The Washington PostDemocracy Dies in Darkness

The Nationals fired employees who wouldn’t get vaccinated. Two now plan a legal challenge.

The Nationals have a coronavirus vaccine mandate for non-playing employees. (Katherine Frey/The Washington Post)

Two former minor league coaches for the Washington Nationals planned to file a complaint with the Equal Employment Opportunity Commission on Friday over the termination of their contracts, which came after they did not comply with an organization-wide vaccine mandate that was implemented in August. Brad Holman and Larry Pardo announced their intentions in a statement to The Washington Post, writing that the Nationals “pretended” to consider their requests for religious exemptions.

“Larry and Brad are devoutly religious and refuse to take Covid vaccines as they are developed from and/or tested with aborted fetal cells,” read the statement, which said Pardo and Holman are working with a Miami-based law firm. “The Club pretended to offer Larry and Brad a chance to lay out their religious beliefs and request to be exempted from the requirements, which they did.

"However, less than 36 hours after they each provided a written summary of the basis for their sincerely held religious beliefs to the Club, they received an acknowledgment from the Club purporting to recognize and respect their religious beliefs as sincere and legitimate.”

In a statement responding to assertions about the Nationals’ process, a team spokeswoman wrote: “While we are not going to comment on specific exemptions, we took every request very seriously and applied a rigorous and interactive process to each request as is prescribed by applicable law.”

The team’s evaluation process included a questionnaire and deliberation by outside counsel; the Nationals’ general counsel, Betsy Philpott; and members of their human relations department. Employees seeking an exemption then had a Zoom meeting with Philpott, according to two people with knowledge of the proceedings. Calls lasted 30 to 90 minutes, per a person familiar with the matter, and consisted of Philpott asking follow-up questions about each employee’s bid for a health or religious exemption.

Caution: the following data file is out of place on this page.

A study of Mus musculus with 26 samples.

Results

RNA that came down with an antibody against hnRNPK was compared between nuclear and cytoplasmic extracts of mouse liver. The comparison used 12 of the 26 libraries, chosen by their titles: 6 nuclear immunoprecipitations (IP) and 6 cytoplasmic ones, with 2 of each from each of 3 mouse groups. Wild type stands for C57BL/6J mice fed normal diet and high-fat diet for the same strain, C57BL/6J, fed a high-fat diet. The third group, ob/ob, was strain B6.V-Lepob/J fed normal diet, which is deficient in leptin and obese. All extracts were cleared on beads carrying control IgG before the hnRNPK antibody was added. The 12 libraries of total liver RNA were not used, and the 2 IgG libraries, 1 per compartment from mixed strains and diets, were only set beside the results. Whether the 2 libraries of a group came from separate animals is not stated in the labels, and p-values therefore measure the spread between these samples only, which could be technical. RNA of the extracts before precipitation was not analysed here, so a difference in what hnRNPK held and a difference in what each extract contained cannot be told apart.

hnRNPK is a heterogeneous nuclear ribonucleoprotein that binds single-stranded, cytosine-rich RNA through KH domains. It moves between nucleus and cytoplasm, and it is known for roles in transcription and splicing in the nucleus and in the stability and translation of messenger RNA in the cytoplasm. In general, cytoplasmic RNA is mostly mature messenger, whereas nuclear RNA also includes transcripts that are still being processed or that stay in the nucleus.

The statement adds that Pardo and Holman “could not and will not choose to take the vaccines even if it cost them their jobs, which it ultimately did.” It ends with a promise of “fighting this outrageous decision by the Nationals in the federal courts.” The Nationals told unvaccinated employees they could return to work if they received a first dose by Sept. 14.

Holman, 53, was the Nationals’ minor league pitching coordinator and joined the organization in 2018. Pardo, 55, was the pitching coach for the club’s Florida Complex League team and was also hired in 2018.

Pfizer and Moderna used cell lines from aborted fetal tissue to test whether the vaccines worked, but the vaccines were not developed from those lines. The Johnson & Johnson vaccine used lab-replicated fetal cells during its production process, but the vaccine does not contain fetal cells.

While some groups have opposed or discouraged people from getting the Johnson & Johnson vaccine, major leaders of organized religions in the United States have endorsed getting a coronavirus vaccine. The Vatican has said it is morally acceptable to receive coronavirus vaccines that have used aborted fetuses in their research and production process because the “cooperation in evil” is considered remote.

According to people with knowledge of the review process, religious exemption requests had to check two boxes: Are the religious beliefs sincere? And could the team grant an exemption without compromising the health and safety of other employees? With Pardo and Holman, the Nationals ruled yes on the former and no on the latter.

In the response letters to both coaches, the club wrote: “The company recognizes and respects your religious beliefs and would accommodate those beliefs if it could. However, in light of the fact that a fully approved vaccine is now available, and given the nature of your position, duties, and essential functions, your continued performance of your duties without being vaccinated will pose an unacceptable risk to the health of Company employees (including you), customers, visitors, and others with whom you are required to interact in connection with your job duties.”

Alexander F. Fox, the attorney representing Pardo and Holman, said his clients will not speak with reporters while litigation is pending.

Sarah Pulliam Bailey contributed to this report.